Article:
The immediate and then compound ripple effects that come from just an arrest process, then a jailing process are serious and last a lifetime. All this happens before a court is even involved or a person is charged with a crime.

Blindspots: Unexpected Findings of Jail Trauma Research Study

Blindspots: Unexpected Findings from Jail Trauma Research

The immediate and then compound ripple effects that come from just an arrest process, then a jailing process are serious and last a lifetime. All this happens before a court is even involved or a person is charged with a crime.

This chart is a reflective diagram that Joy Gilfilen produced after deep many-hour long interviews with 79 people who have been involved with the Whatcom County Jail and Justice System. She interviewed 53 people who had been arrested and jailed previously. They were folks who had worked with her in reentry processes and were willing to open up emotionally (it is traumatizing to talk about – even second hand). They did it to help others, and help the system be reformed. The experience of finding out the depth of the trauma on people, caused Joy to interview 26 other people who were involved to seek confirmation of the impacts. She found out that there were hidden, secondary, and many layered psychological impacts and side-effects that lasted their lifetimes.

Joy interviewed loved ones, employers, 1st Responders, prosecutors and defenders, court, law enforcement, and emergency room staff who were involved. “These charts are rough to read, and raw. For we are not talking about the long term impacts on a person and their families. These charts are only about what happens in the first 24-72 hours after a crisis precipitated an arrest,” says Joy. “It was shocking to find that people go through a kind of “split-brain” or “split reality” experience that jars the soul deeply – because it cuts the foundation of safety in our lives away at the roots.” Why? “In every case, people needed help. They did not need an arrest to make lives worse – massively worse. People were involved in an accident where someone was hurt. Or they got in an argument with a friend, or were having trouble with legal medications or were dealing with chemical addictions, or deep emotional distress from a divorce, firing or death of another. They were in trouble, and needed help, yet it turned into an arrest and the psychological impacts were jarring – almost like a tsunami that no one expected. “I was blindsided as an interviewer, for I had never read anything about this. No-one talks about this in the Task Force, or justice system conversations. That talk is all about the crime – what happens AFTER people are arrested and go to court. It is not about what happened BEFORE people are charged in court. We have a gap. By the time they get to court, they are non-functional and emotionally traumatized by the process and are told to “remain silent”. “I found that people experience such unspeakable deep grief – they can’t even talk about it. They are in an early stage of something I called Complex Post Traumatic Shock and cannot think straight. “This is at the base of the problem: A human being made an error in judgement of some kind. They are already emotionally vulnerable, scared and grieving. Then, rather than receiving any help, they are prejudiced against (pre-judged): betrayed by the alleged “protectors” they are handcuffed, isolated and punished, disregarded, dismissed, thrown into a kind of purgatory – a hostile, terrifying environment where there is NO SAFETY. Only judgement, blame, shame and condemnation.” These charts are not about what else happens to people after they go to court the first time. This is only about the initial psychological shock and emotional impact of what happens in the space between the crisis and court.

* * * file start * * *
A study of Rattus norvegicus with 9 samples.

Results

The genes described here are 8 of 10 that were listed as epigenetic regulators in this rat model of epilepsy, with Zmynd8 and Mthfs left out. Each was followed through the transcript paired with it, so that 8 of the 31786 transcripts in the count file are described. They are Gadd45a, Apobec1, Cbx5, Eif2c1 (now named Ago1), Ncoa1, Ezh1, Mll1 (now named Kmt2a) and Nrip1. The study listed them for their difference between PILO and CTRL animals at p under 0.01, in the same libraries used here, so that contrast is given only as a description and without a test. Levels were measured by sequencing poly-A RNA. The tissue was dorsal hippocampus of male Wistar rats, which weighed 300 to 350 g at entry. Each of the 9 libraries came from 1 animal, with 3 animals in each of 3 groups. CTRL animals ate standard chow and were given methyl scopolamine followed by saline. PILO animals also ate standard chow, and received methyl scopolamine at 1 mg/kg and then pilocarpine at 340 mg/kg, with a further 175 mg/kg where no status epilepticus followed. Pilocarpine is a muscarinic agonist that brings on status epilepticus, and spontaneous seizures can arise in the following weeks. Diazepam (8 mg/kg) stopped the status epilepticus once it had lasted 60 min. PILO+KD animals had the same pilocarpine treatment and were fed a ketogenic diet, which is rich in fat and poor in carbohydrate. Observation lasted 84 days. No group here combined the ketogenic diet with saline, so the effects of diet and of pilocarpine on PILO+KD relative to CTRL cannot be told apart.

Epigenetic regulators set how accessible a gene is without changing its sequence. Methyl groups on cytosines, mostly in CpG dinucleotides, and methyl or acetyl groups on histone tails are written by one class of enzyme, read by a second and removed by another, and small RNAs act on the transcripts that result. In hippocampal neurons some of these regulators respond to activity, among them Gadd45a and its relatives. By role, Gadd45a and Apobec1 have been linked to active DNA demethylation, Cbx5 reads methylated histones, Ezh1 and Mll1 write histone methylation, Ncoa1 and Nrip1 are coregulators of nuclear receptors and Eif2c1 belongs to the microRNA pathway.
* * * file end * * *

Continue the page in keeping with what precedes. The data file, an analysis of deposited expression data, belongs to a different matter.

Whatcom County Jail Trauma Chart

Whatcom County Jail Trauma Chart

The red and black side is the Whatcom County Jail Trauma side of the chart that lists the RADD-RAT symptoms – “Radicalized Acute Distress Under Duress” and the escalating “Repetitive Accelerating Trauma” that people arrested go through in the first 24-72 hours. The mostly yellow and black side is what happens to everyone including the family, friends and others involved. This impact is the unseen, subliminal Unexpected Findings that lie silently in social circles, hidden behind the “shameful” story of the “criminal”. The dramatic loss of reputation, the escalating and uncontrollable costs, the emotional shock and the long-term psychological impacts of having freedom taken away and families thrown into investigations and examination where a whole new reality appears. Inmates and even families are shunned and can end up living inside a kind of “hostile emotional purgatory” that they cannot escape from or even talk about. They are “branded” and labelled as networks, friends and allies disappear – often with the first news reports. Most of us only scratch the surface of the alleged “crime” itself and the court responses. Joy continues, “Even after 10 years studying thousands of people and helping with reentry and recovery in the families, I was stunned when I discovered the hurt is so deep and so tumultuous to the psyche that no-one ever wants to talk about it again. That hurt is silenced and buried, but the ripple effects continue for lifetimes, even generations.”